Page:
MALLOW, who are back in the county senior football championship for the first time in eight years, are guaranteed three games at least following the draw for next year’s edition.
The north Cork club, who won a thrilling Premier Intermediate final against St Michael’s back in October, were drawn out to play Valley Rovers, the 2014 Premier Intermediate winners, in the lone preliminary round fixture.
It means whatever the outcome both clubs will have a minimum of three games because the winners advance to round 1, where Newcestown await, and the losers of that tie will be involved in round 2B against the losers of the Kiskeam-St Nick’s game.
Valleys reached the quarter-finals this season and lost by just two points to Duhallow in a very close affair, so either way, it’s going to be a big test for Mallow, who last competed in the top tier of the championship in 2009, when they were relegated.
The championship takes on a different format in 2018 as it’s divided into two sections, beginning with the two third-level institutions, UCC and CIT, and the six divisions.
It’s an open draw with the only the four first-round winners advancing and the losers bowing out.
There will be two round 2 games and the winners will progress to round 3 proper of the championship.
There’s no doubting the stand-out tie in round 1, which has UCC taking on Carbery, two representative pairings with the quality to make serious inroads in the competition.
But, one of them will fall by the wayside early and even the winners are unlikely to be too chuffed about their progress because Duhallow are the more likely opponents in round 2.
That’s because this year’s semi-finalists and former winners, in 1990 and 1991, will be the warmest of favourites to repeat this year’s big win over Seandun.
Avondhu, who’ve made such an imprint in the championship in the past couple of seasons, face Beara and will be expected to win with CIT or Muskerry awaiting at the next hurdle.
In all there are 29 teams in the championship, far too big a number surely, but that’s for another day.
Some 19 clubs are represented, which is an increase on this season because no club met the relegation criteria and Mallow earned promotion.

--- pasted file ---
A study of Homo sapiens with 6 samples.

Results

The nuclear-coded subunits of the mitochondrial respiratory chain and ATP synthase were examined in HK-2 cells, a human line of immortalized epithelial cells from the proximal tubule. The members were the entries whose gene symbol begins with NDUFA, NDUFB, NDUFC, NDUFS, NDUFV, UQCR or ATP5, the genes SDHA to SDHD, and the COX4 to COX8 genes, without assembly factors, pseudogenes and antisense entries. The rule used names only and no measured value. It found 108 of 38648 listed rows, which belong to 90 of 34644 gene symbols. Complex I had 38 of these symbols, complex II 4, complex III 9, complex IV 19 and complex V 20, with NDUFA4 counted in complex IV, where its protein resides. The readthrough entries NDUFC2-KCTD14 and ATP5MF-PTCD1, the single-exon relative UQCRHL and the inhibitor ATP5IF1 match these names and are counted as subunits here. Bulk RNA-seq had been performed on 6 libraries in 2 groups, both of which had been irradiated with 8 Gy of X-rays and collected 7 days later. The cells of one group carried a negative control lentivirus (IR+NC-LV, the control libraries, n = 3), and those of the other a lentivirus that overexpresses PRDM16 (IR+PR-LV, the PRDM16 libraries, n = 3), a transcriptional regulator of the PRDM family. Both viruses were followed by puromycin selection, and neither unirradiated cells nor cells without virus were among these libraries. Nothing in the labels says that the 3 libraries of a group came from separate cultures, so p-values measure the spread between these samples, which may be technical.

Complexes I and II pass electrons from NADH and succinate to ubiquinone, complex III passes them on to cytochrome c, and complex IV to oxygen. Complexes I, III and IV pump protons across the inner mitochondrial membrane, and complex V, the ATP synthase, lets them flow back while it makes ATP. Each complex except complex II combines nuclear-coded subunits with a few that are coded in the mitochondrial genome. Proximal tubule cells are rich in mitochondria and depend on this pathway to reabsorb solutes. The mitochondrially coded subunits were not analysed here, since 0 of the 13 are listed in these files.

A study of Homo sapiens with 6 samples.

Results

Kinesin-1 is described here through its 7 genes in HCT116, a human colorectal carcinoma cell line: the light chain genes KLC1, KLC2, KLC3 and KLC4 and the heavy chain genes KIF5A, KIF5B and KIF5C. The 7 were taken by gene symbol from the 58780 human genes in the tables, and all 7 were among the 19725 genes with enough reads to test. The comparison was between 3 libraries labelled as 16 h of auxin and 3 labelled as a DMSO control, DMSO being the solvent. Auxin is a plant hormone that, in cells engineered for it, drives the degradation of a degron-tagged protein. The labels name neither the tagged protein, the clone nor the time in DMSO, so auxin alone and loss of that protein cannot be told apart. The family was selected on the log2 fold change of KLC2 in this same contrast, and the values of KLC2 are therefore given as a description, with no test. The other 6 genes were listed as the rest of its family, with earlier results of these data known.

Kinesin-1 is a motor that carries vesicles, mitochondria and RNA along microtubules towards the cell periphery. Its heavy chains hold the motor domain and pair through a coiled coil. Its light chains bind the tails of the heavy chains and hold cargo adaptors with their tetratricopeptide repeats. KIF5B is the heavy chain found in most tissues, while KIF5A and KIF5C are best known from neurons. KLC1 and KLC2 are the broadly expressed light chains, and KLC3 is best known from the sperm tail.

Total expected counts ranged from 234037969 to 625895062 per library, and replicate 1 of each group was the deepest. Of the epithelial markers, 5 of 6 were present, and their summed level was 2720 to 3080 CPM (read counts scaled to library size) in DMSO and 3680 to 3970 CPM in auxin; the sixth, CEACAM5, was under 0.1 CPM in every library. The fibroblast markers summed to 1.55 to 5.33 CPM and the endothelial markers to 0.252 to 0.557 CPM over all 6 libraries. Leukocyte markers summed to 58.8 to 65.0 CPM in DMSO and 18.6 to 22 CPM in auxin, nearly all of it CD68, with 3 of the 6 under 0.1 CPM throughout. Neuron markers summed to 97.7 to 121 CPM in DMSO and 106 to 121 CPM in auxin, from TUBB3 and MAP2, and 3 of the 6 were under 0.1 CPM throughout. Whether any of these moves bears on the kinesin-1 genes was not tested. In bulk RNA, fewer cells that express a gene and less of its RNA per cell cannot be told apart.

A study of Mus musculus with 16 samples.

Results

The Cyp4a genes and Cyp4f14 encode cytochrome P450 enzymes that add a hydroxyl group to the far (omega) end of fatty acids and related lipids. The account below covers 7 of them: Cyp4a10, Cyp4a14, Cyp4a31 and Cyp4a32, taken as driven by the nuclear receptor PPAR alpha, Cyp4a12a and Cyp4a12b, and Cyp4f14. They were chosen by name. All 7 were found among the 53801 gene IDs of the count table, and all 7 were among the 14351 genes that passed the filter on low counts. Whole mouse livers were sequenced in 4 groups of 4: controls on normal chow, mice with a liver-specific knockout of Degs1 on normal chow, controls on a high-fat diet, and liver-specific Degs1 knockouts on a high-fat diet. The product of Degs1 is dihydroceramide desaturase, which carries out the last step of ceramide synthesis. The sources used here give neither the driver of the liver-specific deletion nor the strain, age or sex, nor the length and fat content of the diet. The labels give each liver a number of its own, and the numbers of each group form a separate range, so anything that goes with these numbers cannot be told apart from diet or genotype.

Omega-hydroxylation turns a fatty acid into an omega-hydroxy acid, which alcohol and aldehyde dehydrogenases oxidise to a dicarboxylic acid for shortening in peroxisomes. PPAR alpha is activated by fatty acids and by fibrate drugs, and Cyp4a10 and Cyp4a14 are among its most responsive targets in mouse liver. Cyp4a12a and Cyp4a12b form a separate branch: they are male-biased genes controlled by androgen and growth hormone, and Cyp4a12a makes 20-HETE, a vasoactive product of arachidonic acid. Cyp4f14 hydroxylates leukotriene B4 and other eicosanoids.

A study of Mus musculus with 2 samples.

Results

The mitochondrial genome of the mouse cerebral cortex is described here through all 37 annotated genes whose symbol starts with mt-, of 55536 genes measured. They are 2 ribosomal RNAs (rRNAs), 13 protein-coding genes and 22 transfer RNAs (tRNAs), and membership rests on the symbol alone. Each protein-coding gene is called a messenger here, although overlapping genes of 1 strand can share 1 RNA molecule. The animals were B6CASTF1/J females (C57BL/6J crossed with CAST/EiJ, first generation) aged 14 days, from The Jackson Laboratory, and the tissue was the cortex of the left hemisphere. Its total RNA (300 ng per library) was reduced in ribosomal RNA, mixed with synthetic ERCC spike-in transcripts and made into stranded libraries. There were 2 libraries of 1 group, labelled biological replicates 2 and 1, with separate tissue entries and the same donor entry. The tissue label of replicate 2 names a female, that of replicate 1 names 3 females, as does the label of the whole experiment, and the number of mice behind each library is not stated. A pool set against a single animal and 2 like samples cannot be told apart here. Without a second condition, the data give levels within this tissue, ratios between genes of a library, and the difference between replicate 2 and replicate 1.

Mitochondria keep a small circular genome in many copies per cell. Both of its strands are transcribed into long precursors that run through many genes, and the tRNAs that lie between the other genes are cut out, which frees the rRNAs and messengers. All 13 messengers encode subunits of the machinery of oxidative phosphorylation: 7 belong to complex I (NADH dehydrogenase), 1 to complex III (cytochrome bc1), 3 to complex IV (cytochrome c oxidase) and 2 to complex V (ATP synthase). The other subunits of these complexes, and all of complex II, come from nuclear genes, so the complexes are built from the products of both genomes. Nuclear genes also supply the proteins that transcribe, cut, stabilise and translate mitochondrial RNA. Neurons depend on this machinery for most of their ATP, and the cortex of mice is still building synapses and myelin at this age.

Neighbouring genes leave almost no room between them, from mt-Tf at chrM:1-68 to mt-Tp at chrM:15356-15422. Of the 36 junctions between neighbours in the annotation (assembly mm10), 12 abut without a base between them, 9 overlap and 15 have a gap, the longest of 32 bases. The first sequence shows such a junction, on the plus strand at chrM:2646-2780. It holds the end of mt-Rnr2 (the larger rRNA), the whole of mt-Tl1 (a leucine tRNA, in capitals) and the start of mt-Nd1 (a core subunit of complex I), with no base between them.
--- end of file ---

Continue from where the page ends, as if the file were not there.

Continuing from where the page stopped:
There was little in the draw to have supporters shouting from the roof-tops though there’s a tasty west Cork derby between the 2016 champions, Carbery Rangers, and Clonakilty, who won a relegation play-off against O’Donovan Rossa and also reached the division 1 league final.
Once again, champions Nemo Rangers, who collected their 20th title with a replay win over St Finbarr’s in the final, will be favourites starting out, especially as Clyda Rovers are unlikely to bother them too much.
That is unless Nemo manage to win their All-Ireland club semi-final against Slaughtneil in February and return to Croke Park for the St Patrick’s Day final.
There’s unlikely to be too much rest before appearing in the county championship in April, when Nemo might be considered vulnerable, but that’s way in the distance, now.
The Barrs will be expected to be too strong for Carrigaline and it’s the same for Castlehaven against Dohenys while Ballincollig, the 2015 winners, should have too much for Ilen Rovers, confidence boosted by their recent Kelleher Shield success.
Divisions/Colleges: Round 1:
A. CIT v Muskerry,
B. Carbery v UCC
C. Seandún v Duhallow
D. Avondhu v Beara
Winners of A v winners of D, Winners of C v winners of B
Clubs: Preliminary round:
1. Valley Rovers v Mallow
2. St Finbarr’s v Carrigaline
3. Dohenys v Castlehaven
4. Newcestown v winners Valley Rovers or Mallow
5. Kiskeam v St Nick’s
6. Carbery Rangers v Clonakilty
7. Nemo Rangers v Clyda Rovers
8. Bishopstown v Douglas
9. O’Donovan Rossa v Aghada
10. Ilen Rovers v Ballincollig
Losers 5 v losers Mallow and Valley Rovers, Losers 8 v losers 3, Losers 7 v losers 9, Losers 2 v losers 10, Losers 6 v losers 4.